What to do if you still have a mortgage when you retire

In the next few decades, many people will be paying back their home loans well into retirement. David Prosser explains their options.

Old couple standing outside their house
Almost 10% of people at retirement age are still repaying their mortgage
(Image credit: © Getty Images)

Almost one in ten people who have reached retirement age are still repaying their mortgage, according to the Great British Retirement Survey. That figure is likely to rise. People are only getting onto the housing ladder in their 30s or 40s and lenders are increasingly offering very long-term deals – Kensington Mortgages has just launched a 40-year home loan.

Mortgage borrowers need to plan their retirement carefully. Interactive Investor says that a 30-year old earning £27,500, a little above the average, is on track for a pension worth around £190,000 if they pay 8% of salary into a workplace scheme until the age of 68. But if they are repaying a mortgage until age 75, once in retirement they would need an annual income (on average) of around £19,000 from that pot to cover living costs and monthly repayments. Their savings would be exhausted by the time they were 75, leaving them dependent on state pensions.

Mortgage borrowers in this position do have some options. For example, it may be possible to continue working until your mortgage is repaid. Even if you’re only doing part-time work, the income will supplement what you’re taking from your pension.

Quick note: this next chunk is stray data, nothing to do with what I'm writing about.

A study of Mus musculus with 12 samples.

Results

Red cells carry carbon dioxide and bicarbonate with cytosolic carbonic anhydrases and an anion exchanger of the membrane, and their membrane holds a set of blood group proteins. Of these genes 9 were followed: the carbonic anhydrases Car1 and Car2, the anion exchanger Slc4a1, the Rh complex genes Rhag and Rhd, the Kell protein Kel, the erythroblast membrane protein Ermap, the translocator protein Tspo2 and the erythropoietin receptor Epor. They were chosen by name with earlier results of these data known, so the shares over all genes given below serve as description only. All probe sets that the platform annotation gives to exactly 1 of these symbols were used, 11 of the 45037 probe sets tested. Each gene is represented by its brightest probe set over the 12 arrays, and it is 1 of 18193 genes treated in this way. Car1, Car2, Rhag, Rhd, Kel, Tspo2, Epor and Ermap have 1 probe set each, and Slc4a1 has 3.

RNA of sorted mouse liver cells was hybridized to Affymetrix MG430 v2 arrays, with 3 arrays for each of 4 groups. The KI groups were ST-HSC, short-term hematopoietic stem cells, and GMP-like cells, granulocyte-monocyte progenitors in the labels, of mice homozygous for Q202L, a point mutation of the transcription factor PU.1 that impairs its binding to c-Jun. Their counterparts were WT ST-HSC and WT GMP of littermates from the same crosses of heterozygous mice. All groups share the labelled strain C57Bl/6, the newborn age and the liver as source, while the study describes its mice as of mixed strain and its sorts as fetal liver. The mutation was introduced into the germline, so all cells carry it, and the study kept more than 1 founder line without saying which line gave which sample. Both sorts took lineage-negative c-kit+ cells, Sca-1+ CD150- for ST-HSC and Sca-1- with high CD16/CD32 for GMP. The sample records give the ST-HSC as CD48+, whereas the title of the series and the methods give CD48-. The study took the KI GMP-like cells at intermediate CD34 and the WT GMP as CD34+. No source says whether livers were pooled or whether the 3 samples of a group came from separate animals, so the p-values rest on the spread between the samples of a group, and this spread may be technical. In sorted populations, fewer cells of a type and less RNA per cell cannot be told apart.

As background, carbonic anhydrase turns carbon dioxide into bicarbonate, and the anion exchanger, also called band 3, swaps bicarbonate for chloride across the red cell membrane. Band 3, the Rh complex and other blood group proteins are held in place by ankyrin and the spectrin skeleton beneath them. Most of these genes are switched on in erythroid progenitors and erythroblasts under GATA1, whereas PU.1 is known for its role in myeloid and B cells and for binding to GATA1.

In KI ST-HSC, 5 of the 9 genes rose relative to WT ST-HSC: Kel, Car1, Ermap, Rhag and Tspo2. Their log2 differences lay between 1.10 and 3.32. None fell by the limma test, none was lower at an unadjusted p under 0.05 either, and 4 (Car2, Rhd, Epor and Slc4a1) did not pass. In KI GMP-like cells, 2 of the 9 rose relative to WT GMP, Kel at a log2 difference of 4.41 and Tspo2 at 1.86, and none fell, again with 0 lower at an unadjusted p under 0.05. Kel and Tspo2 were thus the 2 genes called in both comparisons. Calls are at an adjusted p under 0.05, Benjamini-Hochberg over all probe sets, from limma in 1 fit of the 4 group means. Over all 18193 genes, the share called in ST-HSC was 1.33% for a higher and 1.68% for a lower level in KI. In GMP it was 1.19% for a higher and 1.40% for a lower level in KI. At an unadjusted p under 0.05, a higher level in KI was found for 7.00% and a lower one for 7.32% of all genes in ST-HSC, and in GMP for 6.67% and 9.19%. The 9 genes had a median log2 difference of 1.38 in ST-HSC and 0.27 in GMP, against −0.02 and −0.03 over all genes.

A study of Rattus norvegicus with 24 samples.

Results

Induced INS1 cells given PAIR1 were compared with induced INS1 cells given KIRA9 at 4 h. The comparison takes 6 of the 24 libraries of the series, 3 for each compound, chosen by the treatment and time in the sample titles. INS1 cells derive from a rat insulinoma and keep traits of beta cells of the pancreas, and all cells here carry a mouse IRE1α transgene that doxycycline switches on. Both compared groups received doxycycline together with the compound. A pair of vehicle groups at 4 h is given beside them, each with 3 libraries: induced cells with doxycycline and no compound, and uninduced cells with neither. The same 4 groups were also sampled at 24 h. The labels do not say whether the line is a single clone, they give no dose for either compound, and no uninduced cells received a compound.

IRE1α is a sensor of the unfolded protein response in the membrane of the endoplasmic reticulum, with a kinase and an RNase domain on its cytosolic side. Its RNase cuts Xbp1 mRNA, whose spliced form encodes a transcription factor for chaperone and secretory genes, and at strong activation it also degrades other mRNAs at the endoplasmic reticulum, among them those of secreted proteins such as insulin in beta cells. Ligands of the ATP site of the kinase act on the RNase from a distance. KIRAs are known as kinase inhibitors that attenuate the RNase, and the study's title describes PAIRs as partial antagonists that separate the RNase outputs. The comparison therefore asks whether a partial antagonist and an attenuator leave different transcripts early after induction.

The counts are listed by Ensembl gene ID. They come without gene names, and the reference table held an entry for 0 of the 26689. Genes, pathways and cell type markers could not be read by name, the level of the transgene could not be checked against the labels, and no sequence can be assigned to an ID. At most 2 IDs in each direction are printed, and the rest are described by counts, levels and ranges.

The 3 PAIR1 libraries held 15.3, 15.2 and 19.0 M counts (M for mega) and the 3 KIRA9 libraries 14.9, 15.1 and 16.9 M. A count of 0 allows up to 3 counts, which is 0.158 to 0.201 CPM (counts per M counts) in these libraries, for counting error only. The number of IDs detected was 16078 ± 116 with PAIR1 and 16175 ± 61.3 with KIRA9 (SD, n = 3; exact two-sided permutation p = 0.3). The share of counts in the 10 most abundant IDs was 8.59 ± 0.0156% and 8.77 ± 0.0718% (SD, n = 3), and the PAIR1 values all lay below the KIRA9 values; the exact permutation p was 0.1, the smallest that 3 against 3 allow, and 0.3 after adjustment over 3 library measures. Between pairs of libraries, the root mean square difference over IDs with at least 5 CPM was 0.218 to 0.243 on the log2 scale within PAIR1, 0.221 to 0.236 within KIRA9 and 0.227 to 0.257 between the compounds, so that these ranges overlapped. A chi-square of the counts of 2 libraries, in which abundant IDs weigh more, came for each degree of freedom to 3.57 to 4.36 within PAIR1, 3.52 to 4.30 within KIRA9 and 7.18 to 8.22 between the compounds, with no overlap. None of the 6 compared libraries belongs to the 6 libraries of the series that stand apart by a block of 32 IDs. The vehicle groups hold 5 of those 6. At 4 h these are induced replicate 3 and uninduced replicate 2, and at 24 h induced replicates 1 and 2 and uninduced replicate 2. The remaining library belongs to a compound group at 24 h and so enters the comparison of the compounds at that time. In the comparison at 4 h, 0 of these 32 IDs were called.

Equity-release products could also help. These plans, aimed at homeowners over the age of 55, enable you to unlock the value tied up in your house. You get a lump-sum payment, which doesn’t have to be repaid until you die or sell your property because you’re moving into a care home. The lump sum can be used to pay off your conventional mortgage Still, none of these mitigation strategies come without downsides. You may not be able or willing to continue working into your retirement years. Using your lump sum to repay a mortgage means the money is gone, and you will have to settle for a lower pension income.

As for equity-release plans, these can prove costly in the long run. While you don’t make repayments in your lifetime, you are charged interest on the money you unlock from your home, with charges mounting until the debt is settled. There may be little left from the sale of your property for your heirs.

You may have no choice but to take on a mortgage scheduled to run well into your retirement years, but make contingency plans and try to act on them. For instance, overpaying your mortgage, as your circumstances allow, will enable you to repay it more quickly. Increasing your retirement savings, if possible, makes sense. It may also be worth talking to an independent financial adviser about the best option for your specific circumstances.

David Prosser
Business Columnist

David Prosser is a regular MoneyWeek columnist, writing on small business and entrepreneurship, as well as pensions and other forms of tax-efficient savings and investments. David has been a financial journalist for almost 30 years, specialising initially in personal finance, and then in broader business coverage. He has worked for national newspaper groups including The Financial Times, The Guardian and Observer, Express Newspapers and, most recently, The Independent, where he served for more than three years as business editor.